Authors
  • Siegismund, Christine S1
  • Rohde, Maria1
  • Kühl, Uwe2
  • Escher, Felicitas2
  • Schultheiss, Heinz Peter1
  • Lassner, Dirk3
  • 1 Institute for Cardiac Diagnostics and Therapy (IKDT), 12203 Berlin, Germany. , (Germany)
  • 2 Institute for Cardiac Diagnostics and Therapy (IKDT), 12203 Berlin, Germany; Department of Cardiology, Campus Virchow, Charité - University Hospital Berlin, 13353 Berlin, Germany. , (Germany)
  • 3 Institute for Cardiac Diagnostics and Therapy (IKDT), 12203 Berlin, Germany. Electronic address: [email protected] , (Germany)
Type
Published Article
Journal
Genomics, proteomics & bioinformatics
Publication Date
Aug 01, 2016
Volume
14
Issue
4
Pages
224–234
Identifiers
DOI: 10.1016/j.gpb.2016.04.005
PMID: 27475403
Source
Medline
Keywords
License
Unknown

Abstract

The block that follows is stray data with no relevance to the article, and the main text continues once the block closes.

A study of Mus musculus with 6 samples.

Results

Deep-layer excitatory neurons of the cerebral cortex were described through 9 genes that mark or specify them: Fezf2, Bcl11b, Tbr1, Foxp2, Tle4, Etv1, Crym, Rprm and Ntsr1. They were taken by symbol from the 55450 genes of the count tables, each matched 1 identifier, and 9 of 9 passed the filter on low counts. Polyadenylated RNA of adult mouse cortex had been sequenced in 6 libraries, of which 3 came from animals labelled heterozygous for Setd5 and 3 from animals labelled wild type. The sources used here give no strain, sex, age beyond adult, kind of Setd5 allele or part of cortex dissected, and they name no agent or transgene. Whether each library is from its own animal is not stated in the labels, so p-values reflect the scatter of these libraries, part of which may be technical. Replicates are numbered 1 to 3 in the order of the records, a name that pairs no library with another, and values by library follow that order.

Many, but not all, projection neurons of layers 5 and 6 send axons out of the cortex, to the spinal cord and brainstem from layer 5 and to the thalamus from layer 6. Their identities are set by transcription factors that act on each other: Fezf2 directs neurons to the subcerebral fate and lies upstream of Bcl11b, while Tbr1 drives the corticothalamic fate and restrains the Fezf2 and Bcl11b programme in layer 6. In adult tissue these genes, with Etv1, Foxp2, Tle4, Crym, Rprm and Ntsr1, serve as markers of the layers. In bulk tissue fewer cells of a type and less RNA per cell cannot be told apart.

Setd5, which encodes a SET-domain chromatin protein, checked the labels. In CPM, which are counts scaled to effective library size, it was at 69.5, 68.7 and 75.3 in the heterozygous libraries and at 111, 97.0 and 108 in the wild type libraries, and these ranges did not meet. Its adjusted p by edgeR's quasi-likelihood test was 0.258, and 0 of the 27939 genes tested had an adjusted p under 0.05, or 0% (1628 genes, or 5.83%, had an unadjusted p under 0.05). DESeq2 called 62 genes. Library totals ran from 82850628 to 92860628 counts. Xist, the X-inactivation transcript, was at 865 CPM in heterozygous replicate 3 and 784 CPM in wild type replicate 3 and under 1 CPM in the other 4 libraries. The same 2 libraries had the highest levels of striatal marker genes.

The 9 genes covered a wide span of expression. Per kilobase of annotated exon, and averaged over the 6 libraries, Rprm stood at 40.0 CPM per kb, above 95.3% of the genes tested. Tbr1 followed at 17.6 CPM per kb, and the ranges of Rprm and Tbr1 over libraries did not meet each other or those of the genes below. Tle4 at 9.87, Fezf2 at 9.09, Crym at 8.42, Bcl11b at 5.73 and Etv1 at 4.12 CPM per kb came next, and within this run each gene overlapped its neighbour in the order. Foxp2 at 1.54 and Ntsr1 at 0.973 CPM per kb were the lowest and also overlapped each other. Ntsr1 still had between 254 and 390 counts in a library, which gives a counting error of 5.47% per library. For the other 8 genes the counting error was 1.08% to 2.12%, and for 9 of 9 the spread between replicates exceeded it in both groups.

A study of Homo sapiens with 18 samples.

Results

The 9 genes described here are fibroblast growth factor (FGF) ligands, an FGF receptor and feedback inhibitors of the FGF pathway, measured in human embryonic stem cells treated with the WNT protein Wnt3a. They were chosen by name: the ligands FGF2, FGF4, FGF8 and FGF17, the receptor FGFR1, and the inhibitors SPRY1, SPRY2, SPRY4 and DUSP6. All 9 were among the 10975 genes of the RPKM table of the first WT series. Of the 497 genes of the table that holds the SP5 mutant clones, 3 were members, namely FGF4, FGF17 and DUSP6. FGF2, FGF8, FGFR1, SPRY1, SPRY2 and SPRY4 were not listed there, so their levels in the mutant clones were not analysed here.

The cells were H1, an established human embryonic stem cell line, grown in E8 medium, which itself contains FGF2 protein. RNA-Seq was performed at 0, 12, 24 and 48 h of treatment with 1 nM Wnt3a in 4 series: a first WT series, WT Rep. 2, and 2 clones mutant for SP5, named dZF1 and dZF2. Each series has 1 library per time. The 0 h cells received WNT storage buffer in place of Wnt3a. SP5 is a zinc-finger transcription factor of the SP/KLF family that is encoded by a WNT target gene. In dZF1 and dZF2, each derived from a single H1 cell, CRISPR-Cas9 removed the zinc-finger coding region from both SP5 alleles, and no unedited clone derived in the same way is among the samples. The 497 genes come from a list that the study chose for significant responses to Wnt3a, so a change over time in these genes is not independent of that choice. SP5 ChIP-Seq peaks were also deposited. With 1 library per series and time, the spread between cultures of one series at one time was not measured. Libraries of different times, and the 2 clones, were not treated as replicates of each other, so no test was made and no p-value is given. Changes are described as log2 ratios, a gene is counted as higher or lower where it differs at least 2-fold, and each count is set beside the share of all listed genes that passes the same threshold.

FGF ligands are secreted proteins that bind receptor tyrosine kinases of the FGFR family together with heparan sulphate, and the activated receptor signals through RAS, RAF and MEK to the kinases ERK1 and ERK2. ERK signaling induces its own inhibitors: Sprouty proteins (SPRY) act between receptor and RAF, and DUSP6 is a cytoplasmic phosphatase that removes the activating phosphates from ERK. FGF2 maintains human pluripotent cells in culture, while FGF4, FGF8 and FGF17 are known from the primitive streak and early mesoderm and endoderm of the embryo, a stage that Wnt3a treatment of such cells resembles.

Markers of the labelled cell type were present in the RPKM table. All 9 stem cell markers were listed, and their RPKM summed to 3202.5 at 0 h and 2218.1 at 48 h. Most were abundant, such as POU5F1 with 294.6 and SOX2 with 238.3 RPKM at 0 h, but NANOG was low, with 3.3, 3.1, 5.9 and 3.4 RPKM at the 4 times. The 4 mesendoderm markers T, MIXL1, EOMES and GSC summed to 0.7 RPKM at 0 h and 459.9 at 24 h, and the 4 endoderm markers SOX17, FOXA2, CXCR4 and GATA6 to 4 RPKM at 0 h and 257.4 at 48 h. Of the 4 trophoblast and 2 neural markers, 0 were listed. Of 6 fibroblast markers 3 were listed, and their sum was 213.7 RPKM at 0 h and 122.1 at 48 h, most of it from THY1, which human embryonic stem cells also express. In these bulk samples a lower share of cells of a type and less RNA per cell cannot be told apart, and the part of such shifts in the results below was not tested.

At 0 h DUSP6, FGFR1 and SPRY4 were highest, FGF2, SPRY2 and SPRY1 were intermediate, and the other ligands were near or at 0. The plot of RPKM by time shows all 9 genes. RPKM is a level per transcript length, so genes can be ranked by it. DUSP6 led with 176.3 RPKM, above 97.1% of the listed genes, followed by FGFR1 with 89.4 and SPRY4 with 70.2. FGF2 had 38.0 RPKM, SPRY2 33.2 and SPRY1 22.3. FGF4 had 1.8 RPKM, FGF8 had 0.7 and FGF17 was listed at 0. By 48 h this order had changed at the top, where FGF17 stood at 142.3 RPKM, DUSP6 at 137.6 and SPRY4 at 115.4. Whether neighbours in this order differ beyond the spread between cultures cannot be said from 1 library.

MicroRNAs (miRNAs) can be found in a wide range of tissues and body fluids, and their specific signatures can be used to determine diseases or predict clinical courses. The miRNA profiles in biological samples (tissue, serum, peripheral blood mononuclear cells or other body fluids) differ significantly even in the same patient and therefore have their own specificity for the presented condition. Complex profiles of deregulated miRNAs are of high interest, whereas the importance of non-expressed miRNAs was ignored. Since miRNAs regulate gene expression rather negatively, absent miRNAs could indicate genes with unaltered expression that therefore are normally expressed in specific compartments or under specific disease situations. For the first time, non-detectable miRNAs in different tissues and body fluids from patients with different diseases (cardiomyopathies, Alzheimer's disease, bladder cancer, and ocular cancer) were analyzed and compared in this study. miRNA expression data were generated by microarray or TaqMan PCR-based platforms. Lists of absent miRNAs of primarily cardiac patients (myocardium, blood cells, and serum) were clustered and analyzed for potentially involved pathways using two prediction platforms, i.e., miRNA enrichment analysis and annotation tool (miEAA) and DIANA miRPath. Extensive search in biomedical publication databases for the relevance of non-expressed miRNAs in predicted pathways revealed no evidence for their involvement in heart-related pathways as indicated by software tools, confirming proposed approach.